Hello! And welcome to our Friday column, Worst of the Week. There’s a lot of nutty stuff that goes on in this industry, so this column is a chance for us at RCRWireless.com to rant and rave about whatever rubs us the wrong way. We hope you enjoy it!
And without further ado:
News this week that Leap Wireless would begin offering Apple’s iPhone devices was a significant escalation in the competitive landscapes across the already red-hot smartphone and prepaid markets.
For device lovers (and who amongst us is not one?) the move would seem to finally unleash the iPhone from the bane that are those pesky carrier contracts. I mean, who wants to be tied to a contract that “forces” someone to pay for service on a device that they would already being paying service for in exchange for being able to purchase that device for a discount? The nerve!
In the case of the Leap announcement, the no-contract carrier will later this month begin offering the now 8-month-old iPhone 4S 16 GB model for the kingly sum of $500, or the nearly two-year-old iPhone 4 8 GB model for a princely price of just $400. (Those contracts and subsidies don’t look so bad now, do they smarty pants?)
(Side question for Apple: Where in the hell are all these two-year-old iPhone 4’s coming from? Did they not sell so well and there is a warehouse in Cupertino just overflowing with old inventory?)
Perhaps more important for those looking to shave expenses, Leap will be charging customers just $55 per month for unlimited calling, messaging and up to 2.3 gigabytes of unhindered 3G data services, compared with the $100 or so larger rivals charge per month for the same quantity of service. (I now take back that smarty pants comment.)
The challenge for Leap would seem to be in convincing people that those long-term saving will eventually make up that $300 initial price difference, a task I do not envy. Sure, the math is pretty simple: saving $45 per month will see that initial price concession recouped in a mere seven months. No brainer, right? But, people typically can’t see beyond that upfront expense when it comes to purchasing a mobile device.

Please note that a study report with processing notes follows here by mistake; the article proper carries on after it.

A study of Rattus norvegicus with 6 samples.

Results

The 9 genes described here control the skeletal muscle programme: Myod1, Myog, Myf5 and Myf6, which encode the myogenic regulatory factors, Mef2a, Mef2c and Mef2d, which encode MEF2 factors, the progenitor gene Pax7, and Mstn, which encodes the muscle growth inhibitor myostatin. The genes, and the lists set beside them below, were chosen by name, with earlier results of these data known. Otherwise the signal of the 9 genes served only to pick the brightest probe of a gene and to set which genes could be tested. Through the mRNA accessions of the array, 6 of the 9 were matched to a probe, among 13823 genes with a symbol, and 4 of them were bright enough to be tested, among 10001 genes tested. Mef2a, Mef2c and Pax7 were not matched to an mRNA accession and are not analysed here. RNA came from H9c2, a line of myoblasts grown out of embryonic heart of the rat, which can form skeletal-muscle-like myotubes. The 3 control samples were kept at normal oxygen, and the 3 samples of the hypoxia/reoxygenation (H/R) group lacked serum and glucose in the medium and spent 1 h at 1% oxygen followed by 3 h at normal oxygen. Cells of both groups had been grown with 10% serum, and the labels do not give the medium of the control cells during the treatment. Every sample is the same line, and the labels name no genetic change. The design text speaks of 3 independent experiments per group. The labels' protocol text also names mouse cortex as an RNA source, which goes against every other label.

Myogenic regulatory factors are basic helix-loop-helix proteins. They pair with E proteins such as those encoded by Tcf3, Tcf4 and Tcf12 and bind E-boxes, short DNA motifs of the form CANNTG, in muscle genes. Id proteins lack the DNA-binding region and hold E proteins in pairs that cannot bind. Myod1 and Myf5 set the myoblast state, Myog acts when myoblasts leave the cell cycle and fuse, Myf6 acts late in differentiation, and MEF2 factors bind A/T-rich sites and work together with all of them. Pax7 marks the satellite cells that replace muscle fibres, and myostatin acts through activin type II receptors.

As for the new face of the no-contract space, Leap’s move seems to up the ante in a sector that seems to have its ante upped on a daily basis. Between new cut rate offers, carriers promising 4G speeds without a contract and the non-stop rollout of more powerful, Android-powered devices, customers looking to go through their mobile life unburdened with a contract hanging over their head would appear to have all they could ask for. Except for access to a fully functionally iPhone … until now.
Analysts are already fretting over how Leap is going to pay for this move, with the carrier already noting it has committed $900 million to iPhone purchases over the next three years. This from a company that posted a nearly $100 million loss attributed to shareholders during the first quarter of the year, a quarter that along with the holiday heavy fourth quarter are supposed to be its “strong” quarters.
Some of that loss was attributed to increased device subsidies tied to growing sales of smartphones, a figure that is only expected to grow should the iPhone’s high sticker price not scare off Leap customers. However, Leap has also battled churn issues that it’s hoping the iPhone will help to conquer. This is a game of poker I would not like to be involved in, but am glad to stand by over by the railing to watch it all unfold.
For Apple, this deal would seem to be a no-brainer. Finding new outlets in which to sell its wares is what it’s all about. And as long as those outlets are willing to fork over the dough, all is good in the hood.
The only downside noted by a few Debbie Downers is that the move could perhaps remove some of the luster from Apple’s crown as the must-have device for those wanting to appear “hip.”
To this I say “hogwash.” I think we could all agree that the iPhone has become the Razr of the smartphone generation and that with toddlers now sporting their own iPhones, all luster has been lost. But, that loss of luster has not impacted demand for anything Apple.
However, for Leap, the move is an all-in play that perhaps it has been forced to make to remain viable in the current competitive environment. While the carrier has a history of playing it safe when it comes to economics, this move shows that model may have played itself out. This decision could either solidify the carrier as an anchor in the no-contract arena, or fail in a spectacular fashion.
Either way, good on you Leap for taking the chance.
OK, enough of that.
Thanks for checking out this week’s Worst of the Week column. And now for some extras:
–Speaking of smartphones, Samsung went gaga this week announcing the launch of its new Galaxy S III uber-device. The phone packs more features than all the smartphone features ever introduced to this point combined. It also has the ability to control space ships, converse with woodland creatures and predict lottery numbers.
But, for some reason the device cannot keep hold of its alluring “Pebble Blue” color. I guess the future really will be a bleak, colorless existence.